Was New U2 Album Hitting P-2-P Networks on Purpose? 
Tuesday, 09 November 2004

U2’s soon-to-be-released album, How To Dismantle an Atomic Bomb, has found its way to the peer-to-peer networks. CNN reports that a London spokesperson for the band was aware that the songs are now widely available to steal from the internet. Ironically, U2 is involved in a special promotion with Apple Computer and their iTunes music service which includes national ads featuring “Vertigo” – a stripped down, upbeat yet catchy song that has hit written all over it.

U2 made news during the recording of How To Dismantle an Atomic Bomb when a copy was “stolen” from a recording studio in Nice, France.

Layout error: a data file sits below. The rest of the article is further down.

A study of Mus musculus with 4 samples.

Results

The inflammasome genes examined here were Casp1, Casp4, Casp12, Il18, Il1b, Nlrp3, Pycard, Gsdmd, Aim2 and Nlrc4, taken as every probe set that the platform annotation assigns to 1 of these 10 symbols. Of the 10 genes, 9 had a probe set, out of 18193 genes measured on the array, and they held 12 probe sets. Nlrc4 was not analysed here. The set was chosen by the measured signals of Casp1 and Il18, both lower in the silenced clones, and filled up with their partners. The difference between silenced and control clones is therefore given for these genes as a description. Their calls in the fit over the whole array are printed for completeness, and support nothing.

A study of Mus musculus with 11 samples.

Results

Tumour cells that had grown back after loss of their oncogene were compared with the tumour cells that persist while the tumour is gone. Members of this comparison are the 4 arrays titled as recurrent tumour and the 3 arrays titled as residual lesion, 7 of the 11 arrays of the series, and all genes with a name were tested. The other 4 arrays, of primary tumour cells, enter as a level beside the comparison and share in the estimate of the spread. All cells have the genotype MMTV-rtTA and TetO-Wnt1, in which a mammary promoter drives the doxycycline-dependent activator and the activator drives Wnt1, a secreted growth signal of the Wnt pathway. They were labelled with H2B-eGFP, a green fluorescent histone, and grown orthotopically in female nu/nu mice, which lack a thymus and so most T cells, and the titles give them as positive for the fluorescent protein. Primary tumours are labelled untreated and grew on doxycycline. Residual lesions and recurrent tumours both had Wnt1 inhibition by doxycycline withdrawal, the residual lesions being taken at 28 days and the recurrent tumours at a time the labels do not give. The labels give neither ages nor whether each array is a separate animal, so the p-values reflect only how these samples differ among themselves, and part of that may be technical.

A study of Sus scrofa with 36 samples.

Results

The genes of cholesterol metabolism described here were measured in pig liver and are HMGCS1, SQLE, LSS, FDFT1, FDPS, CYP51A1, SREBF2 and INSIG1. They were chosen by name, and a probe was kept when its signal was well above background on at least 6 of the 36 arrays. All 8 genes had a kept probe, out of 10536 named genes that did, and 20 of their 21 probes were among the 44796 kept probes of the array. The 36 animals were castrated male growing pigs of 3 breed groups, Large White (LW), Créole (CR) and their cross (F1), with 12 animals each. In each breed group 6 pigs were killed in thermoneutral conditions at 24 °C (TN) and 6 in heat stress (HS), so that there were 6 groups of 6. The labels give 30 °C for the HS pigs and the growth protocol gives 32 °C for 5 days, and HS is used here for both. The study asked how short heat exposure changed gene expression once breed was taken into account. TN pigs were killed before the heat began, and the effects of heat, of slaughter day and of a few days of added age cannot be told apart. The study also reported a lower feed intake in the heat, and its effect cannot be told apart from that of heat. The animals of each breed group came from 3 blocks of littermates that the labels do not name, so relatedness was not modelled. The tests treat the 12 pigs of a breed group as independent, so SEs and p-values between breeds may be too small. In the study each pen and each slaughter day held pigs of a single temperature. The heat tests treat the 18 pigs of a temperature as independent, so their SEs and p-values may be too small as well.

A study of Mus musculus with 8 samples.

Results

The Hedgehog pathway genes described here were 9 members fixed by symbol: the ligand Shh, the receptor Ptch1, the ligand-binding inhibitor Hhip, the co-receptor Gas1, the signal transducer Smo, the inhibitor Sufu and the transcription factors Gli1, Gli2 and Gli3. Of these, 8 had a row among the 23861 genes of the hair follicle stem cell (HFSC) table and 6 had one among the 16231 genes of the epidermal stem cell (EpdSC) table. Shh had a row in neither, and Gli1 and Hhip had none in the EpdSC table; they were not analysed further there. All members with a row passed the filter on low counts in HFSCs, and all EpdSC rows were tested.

Critics suggest that the theft of How To Dismantle an Atomic Bomb and its subsequent pre-release to the peer-to-peer sites might have been done for promotional purposes. If this is true, it is one of the first truly brilliant marketing moves to promote a big-release record in years. The RIAA, with the support of the major labels, have been fighting file downloading in all forms while ignoring the media of the internet and PTP networks as a vastly powerful marketing tool. Since the 1960’s, FM radio was a make-it-or-break-it medium for new pop music. In the last 10 to 15 years radio groups, many of whom own hundreds or in one case over 1000 radio stations in the US, have very much lost their power to reach the young GenY, record buying public. They are better reached via email, on a cell phone or through a peer-to-peer network. Moreover, as much as the RIAA would argue the opposite, some suggest that the idea of an album getting on the Internet for illegal downloads actually boosts its overall sales. The last major artist this phenomenon of an “unauthorized pre-release on the net” happened to was Eminem and his record sold like hotcakes. Expect U2’s How To Dismantle an Atomic Bomb to hit store shelves early (but not too early to be the big pop release for the 2004 holiday season) and to sell like wildfire. Most likely the record will sell better than if there was no scandal over the tracks being available on the peer-to-peer networks and the associated free advertising that comes from the story.